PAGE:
CCTV is failing UK workers - NG Bailey launches Smarter-Security

22nd April 2015

CCTV is failing UK workers as Government cuts to funding put further pressure on small and medium sized businesses.

CCTV survey from NG Bailey’s IT Services division finds 60 per cent of employees fear theft, physical attacks and trespassers at work. NG Bailey’s IT Services division, which specialises in the design, supply, installation, management and maintenance of IP CCTV solutions, today announced the results of its ‘CCTV in the Workplace’ survey of UK workers.

Indi Singh Sall, Technical Director at NG Bailey’s IT Services division commented: “This is a time of increased pressure for businesses following the government’s decision to cut CCTV funding. We felt it was important to gauge attitudes of workers towards CCTV in the workplace in order to help organisations plan for the future.”

CCTV in the workplace

While some press reports question the necessity of CCTV, the survey found that over 60 per cent of workers would feel more comfortable at work if they knew that there was an effective security system in place.

This desire for effective CCTV security was borne out by the survey’s standout result which found that three out of every five employees fear theft, physical attack and unauthorised intrusion at work. The most concerning statistic revealed by the survey was that a total of 68 per cent of staff feel that their current workplace security system could be improved or is inadequate.

Robert Schwier, estate manager at The Honourable Society of Lincoln’s Inn: “Like many of the organisations in the CCTV in the Workplace’ survey, our legacy CCTV system had focused on combatting theft and protecting our historic, listed buildings. However, the decision to move to an IP-based CCTV system enabled us to install a future-proofed network that can also support upgrades to other building systems, dramatically reducing the impact of future installations and enabling our systems to work together intelligently, in ways that haven’t been possible before.”

The challenge for businesses

Businesses who rely on the government’s CCTV system now face a tough decision. They can either buy and maintain their CCTV system, partner with businesses in their area to create a security network or use an outsourced CCTV network provider. Whatever they decide, as well as having to find the funding, they may also need to acquire the skills to procure, install and maintain their systems. And for those organisations that choose not to replace or upgrade CCTV systems, a rise in insurance costs must surely follow.

Government cuts will not just impact those businesses who've used the CCTV network. Many firms are still reliant on outdated analogue systems which are fast becoming redundant. This issue was confirmed by the research, with 79 per cent of employees wanting their security system to help their company run more efficiently. In addition, 82 per cent felt sure that their CCTV system could help their company save money.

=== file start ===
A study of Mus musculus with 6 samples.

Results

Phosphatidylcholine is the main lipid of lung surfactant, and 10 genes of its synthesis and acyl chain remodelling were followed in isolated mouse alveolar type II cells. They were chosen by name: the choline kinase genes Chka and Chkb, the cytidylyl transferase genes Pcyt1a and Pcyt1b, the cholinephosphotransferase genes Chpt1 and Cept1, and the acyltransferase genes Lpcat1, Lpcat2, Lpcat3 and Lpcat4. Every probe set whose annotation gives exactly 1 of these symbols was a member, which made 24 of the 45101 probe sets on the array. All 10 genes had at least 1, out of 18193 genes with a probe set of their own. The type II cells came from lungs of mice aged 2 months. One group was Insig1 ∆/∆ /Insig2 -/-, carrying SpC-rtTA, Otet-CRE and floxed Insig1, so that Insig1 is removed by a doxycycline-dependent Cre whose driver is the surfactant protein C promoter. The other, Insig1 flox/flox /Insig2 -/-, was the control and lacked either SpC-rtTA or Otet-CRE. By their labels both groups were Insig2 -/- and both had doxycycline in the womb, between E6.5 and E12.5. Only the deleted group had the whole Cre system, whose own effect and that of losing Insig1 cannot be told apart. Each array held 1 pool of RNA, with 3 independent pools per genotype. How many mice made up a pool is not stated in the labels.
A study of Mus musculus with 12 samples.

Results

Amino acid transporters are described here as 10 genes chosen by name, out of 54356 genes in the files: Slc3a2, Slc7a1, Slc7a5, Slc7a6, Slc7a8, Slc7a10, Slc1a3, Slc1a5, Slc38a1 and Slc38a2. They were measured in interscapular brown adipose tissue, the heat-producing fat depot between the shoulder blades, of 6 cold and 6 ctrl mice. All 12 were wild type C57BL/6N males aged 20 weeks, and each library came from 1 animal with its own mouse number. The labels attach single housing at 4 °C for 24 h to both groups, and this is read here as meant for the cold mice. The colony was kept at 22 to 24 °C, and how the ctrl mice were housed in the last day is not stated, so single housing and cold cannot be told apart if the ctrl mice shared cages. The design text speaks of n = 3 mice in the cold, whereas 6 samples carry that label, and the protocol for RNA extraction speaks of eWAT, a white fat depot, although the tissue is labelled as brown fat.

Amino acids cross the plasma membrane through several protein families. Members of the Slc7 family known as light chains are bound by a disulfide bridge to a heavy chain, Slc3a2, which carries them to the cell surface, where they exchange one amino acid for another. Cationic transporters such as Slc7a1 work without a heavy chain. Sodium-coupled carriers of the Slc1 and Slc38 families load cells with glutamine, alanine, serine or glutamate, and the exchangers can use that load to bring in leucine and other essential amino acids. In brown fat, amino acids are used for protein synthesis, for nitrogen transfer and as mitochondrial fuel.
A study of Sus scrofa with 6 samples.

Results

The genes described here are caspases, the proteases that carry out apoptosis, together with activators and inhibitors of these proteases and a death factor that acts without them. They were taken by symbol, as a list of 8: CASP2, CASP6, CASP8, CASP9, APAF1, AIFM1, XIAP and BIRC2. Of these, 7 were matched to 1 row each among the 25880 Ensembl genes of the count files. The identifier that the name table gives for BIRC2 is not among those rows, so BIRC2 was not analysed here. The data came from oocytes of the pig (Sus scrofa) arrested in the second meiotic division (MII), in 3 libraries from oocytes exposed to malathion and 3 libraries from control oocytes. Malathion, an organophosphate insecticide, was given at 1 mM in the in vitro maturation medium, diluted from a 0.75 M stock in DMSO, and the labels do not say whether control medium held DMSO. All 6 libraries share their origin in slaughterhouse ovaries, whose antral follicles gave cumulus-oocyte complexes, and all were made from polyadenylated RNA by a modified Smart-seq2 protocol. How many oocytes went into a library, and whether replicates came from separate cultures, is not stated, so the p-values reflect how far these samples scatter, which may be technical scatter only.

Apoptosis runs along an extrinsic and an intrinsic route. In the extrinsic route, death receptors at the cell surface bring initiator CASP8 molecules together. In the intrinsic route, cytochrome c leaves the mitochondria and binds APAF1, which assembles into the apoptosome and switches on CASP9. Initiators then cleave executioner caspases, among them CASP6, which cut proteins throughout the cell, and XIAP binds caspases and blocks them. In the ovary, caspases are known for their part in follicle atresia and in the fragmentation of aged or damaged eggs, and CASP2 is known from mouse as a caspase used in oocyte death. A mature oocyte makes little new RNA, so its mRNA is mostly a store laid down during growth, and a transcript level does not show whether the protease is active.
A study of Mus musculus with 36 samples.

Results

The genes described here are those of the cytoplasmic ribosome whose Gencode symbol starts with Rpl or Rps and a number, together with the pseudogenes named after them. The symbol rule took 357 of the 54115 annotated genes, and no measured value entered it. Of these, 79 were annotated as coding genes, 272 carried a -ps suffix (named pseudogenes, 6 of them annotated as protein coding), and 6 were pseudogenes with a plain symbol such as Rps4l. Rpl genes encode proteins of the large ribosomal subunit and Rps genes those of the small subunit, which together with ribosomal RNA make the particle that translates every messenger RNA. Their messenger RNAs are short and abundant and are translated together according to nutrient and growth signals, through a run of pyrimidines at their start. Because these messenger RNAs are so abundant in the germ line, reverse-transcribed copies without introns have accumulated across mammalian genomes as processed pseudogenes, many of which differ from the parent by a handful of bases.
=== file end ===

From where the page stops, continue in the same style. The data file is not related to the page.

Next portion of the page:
The future of CCTV is now

While the ‘CCTV in the Workplace’ survey uncovered some issues around safety and security, the new generation of IP-based CCTV solutions is moving beyond security as the sole purpose of operation.

Britain’s CCTV technology is evolving rapidly, from standalone analogue systems to those that are managed digitally, via an organisation’s IT network. CCTV can now integrate with the other systems that share the network. Businesses can utilise swipe card access control and site-wide floodlighting, creating a centralised, coordinated and automated system that increases both the safety of personnel and the security of a site’s assets. As a result, businesses are seeing some serious benefits.

Indi Singh Sall concluded: “The fact that companies are being forced to extend their own systems in response to the cutbacks in public sector CCTV may turn out to be a blessing in disguise. Not only will these businesses be able to reassure a concerned British workforce, but many will find that their new networked systems will serve their businesses in ways they had not previously considered. Their systems can be used to collect useful data about the natural flow of people throughout an area or a building, for example, or automatically detect disturbances or unusual group behaviour, enabling them to respond faster to potential incidents. CCTV is no longer a single-use ‘grudge purchase’, it is a Swiss Army knife of organisational potential; it can offer a positive return on investment.”

To illustrate the versatility of today’s IP-CCTV systems, NG Bailey has created Smarter Security, an interactive online cityscape which enables visitors to explore the wide variety of applications that the technology can be used for. Visit www.smarter-security.co.uk for more.